The results from the second year of the test, published yesterday, show a rise in the number of six-year-olds meeting the standard expected for their age, which is up by 11 percentage points.
However, there was no change in the attainment gap between girls and boys, and between children eligible for free schools meals and their peers.
Sixty-nine per cent of six-year-olds scored 32 out of 40 in the test, compared with 58 per cent last year.
However, 31 per cent of children – 177,000 six-year-olds - who took the test were identified as being below the expected reading level for their age and will now receive extra support.
More girls than boys reached the expected level. The gender gap was eight percentage points, the same as last year. In this year's test 73 per cent of girls met the required standard, compared to 65 per cent of boys.
A lower percentage of pupils eligible for free school meals achieved the expected level - 56 per cent, compared to 72 per cent for all other pupils. The attainment gap of 17 percentage points is the same as last year.
Children take the phonics check at the end of the summer term in Year 1. It involves children sitting with a teacher they know and reading from a list of 40 words, 20 of which are 'nonesense words' to check that they are able to decode words.
It is described by the Department for Education as ‘a short, light-touch assessment’, which assesses children’s ability to break down and blend words using systematic synthetic phonics.
Ministers advocate phonics as the most effective method of teaching children to read and claim that the phonics check helps schools to identify pupils who need extra support with reading.
The DfE said that 13,400 schools have used Government funding to buy synthetics phonics products or training over the past two years.
Education and childcare minister Elizabeth Truss said, ‘We are committed to improving children’s reading. The phonics check helps teachers identify those pupils who need extra help in learning to read.
‘Many thousands of children will now receive the extra support they need to catch up with their peers and develop a love of reading.’
However, teachers have branded the test a waste of money and claim that it does not tell them anything about children’s reading abilities.
A study by the National Federation for Educational Research, published in May and commissioned by the DfE, found that the majority of teachers found the phonics check had 'little or no impact' on children's reading and writing.
Experts also argue that schools need to foster reading for pleasure rather than focusing on testing children at such a young age.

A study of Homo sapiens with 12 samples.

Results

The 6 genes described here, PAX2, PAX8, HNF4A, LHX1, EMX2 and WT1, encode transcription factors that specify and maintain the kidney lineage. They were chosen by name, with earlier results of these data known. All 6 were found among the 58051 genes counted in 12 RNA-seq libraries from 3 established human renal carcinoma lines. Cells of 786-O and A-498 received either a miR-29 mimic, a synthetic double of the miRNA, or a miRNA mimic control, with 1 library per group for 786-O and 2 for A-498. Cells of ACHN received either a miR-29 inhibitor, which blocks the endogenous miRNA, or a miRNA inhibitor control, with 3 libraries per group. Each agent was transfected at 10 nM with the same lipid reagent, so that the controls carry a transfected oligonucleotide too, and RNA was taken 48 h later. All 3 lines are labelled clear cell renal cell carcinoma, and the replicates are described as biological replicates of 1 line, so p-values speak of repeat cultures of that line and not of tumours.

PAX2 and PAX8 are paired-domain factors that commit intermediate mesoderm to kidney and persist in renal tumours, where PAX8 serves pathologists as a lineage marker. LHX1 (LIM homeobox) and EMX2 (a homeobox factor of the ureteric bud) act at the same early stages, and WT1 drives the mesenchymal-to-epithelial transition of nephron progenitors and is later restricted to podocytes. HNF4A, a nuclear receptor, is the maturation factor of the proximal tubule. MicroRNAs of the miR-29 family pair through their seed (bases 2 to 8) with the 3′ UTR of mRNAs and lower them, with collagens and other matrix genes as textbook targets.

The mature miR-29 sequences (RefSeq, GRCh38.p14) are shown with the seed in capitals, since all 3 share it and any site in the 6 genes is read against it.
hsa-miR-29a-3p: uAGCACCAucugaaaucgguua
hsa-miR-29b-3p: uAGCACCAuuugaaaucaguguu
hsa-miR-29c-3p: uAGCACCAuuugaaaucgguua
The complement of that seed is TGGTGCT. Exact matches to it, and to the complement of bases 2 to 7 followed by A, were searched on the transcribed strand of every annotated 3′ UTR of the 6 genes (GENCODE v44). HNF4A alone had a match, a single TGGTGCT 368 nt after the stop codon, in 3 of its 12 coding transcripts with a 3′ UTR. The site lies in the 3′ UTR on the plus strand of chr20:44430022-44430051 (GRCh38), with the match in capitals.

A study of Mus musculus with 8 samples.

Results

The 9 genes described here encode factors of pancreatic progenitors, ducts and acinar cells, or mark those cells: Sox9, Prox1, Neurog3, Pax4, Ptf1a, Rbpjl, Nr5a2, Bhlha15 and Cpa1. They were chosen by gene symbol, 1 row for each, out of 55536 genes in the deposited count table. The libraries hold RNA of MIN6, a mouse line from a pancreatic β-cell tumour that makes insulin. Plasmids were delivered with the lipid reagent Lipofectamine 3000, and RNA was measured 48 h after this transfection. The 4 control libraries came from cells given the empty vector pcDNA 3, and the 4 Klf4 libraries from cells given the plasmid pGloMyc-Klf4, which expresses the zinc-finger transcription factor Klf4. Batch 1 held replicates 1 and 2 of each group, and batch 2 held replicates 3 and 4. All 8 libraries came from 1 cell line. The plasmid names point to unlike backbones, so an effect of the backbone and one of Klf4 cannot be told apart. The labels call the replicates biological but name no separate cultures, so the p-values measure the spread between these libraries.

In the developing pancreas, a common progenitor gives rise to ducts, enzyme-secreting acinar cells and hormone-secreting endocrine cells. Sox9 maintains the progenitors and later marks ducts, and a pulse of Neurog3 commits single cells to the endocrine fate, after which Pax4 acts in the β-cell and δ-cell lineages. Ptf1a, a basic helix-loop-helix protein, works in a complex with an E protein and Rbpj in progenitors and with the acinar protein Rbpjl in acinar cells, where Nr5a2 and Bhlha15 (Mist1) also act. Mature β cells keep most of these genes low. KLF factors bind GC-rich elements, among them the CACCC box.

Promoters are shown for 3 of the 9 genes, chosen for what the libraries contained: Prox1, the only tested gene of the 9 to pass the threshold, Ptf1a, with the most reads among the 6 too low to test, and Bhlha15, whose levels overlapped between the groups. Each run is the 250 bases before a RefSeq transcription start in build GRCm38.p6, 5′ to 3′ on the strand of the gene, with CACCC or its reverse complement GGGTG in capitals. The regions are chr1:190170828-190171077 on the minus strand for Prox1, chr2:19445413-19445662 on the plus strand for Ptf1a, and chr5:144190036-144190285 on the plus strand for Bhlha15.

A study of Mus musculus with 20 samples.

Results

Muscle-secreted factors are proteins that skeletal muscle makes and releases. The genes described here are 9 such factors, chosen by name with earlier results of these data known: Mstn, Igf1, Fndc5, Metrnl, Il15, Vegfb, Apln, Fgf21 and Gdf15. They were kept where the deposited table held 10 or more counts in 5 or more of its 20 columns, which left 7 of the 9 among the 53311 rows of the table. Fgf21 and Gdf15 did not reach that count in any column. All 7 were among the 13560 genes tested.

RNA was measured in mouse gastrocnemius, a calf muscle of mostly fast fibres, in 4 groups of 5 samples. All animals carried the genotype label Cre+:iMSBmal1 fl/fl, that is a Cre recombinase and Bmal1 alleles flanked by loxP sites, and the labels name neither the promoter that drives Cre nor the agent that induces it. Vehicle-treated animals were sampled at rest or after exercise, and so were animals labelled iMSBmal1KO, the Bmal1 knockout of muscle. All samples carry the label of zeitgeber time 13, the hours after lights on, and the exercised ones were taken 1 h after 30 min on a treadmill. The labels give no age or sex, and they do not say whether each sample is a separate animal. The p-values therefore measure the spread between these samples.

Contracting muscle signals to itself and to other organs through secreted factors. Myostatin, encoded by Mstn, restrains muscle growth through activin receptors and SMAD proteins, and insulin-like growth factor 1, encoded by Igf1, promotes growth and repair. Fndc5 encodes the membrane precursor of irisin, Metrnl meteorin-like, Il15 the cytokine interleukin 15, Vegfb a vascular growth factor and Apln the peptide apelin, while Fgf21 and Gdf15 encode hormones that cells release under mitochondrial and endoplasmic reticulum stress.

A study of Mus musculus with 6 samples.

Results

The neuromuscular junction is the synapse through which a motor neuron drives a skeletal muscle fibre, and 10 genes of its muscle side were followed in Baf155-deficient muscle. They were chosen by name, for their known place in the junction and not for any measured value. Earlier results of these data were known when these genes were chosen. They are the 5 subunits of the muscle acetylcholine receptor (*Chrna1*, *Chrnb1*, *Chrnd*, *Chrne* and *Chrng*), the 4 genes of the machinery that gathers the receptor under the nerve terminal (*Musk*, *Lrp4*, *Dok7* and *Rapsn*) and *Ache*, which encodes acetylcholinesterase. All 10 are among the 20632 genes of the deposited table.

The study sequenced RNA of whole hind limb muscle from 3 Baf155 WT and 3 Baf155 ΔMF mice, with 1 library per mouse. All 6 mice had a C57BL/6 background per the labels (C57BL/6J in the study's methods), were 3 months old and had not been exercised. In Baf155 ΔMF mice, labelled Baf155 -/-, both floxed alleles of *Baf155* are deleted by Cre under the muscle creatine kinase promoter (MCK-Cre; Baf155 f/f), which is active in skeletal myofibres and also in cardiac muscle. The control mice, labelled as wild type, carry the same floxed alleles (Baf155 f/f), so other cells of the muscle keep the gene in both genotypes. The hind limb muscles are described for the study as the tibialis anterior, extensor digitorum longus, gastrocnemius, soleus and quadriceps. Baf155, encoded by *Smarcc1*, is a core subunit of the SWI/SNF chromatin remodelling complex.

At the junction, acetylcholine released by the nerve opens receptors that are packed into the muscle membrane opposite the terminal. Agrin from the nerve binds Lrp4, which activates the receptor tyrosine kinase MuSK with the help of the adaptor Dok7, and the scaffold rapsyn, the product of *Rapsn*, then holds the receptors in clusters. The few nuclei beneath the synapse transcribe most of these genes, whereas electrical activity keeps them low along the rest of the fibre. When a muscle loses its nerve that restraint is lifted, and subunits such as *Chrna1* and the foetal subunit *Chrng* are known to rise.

Summer-born children and children with special educational needs struggle with the test, they say.
Dr Mary Bousted, general secretary at the Association of Teachers and Lecturers, said, ‘These results don’t tell us whether the phonics check is helping children to read. We fear that schools are being pressured by the Government to teach to this test and young children will be painted as failures instead of being encouraged to enjoy reading.
‘Scores in other assessments at this age already show that the vast majority of pupils are doing well – so it would be a mistake to focus on phonics results, just one small part of primary education.
‘Teachers support the use of phonics as one of many techniques to teach children to read, but they reject the Government’s belief that phonics are the best method for every child.
‘The phonics check is a waste of money and should be withdrawn. Instead teachers should be trusted to use the best methods to teach reading for each child.’
Christine Blower, general secretary of the National Union of Teachers, the largest teachers’ union, said that it would be better if children were encouraged to read for pleasure.
‘This test really is quite pernicious. To be telling five and six year olds that they have failed is quite simply wrong, ‘she said.
‘Children develop at different levels. The slow reader at five can easily be the good reader by the age of 11. We cannot continue with this obsession of testing and categorising as failures our very young children. In many other countries with successful education systems, such as Finland, most children haven’t even started school until seven years of age.
‘Of course it is important that young children are learning and absorbing new ideas and skills and of course reading is vitally important. Turning reading, however, into a stressful hurdle to be passed as soon as children step through the school doors is a dreadful mistake.’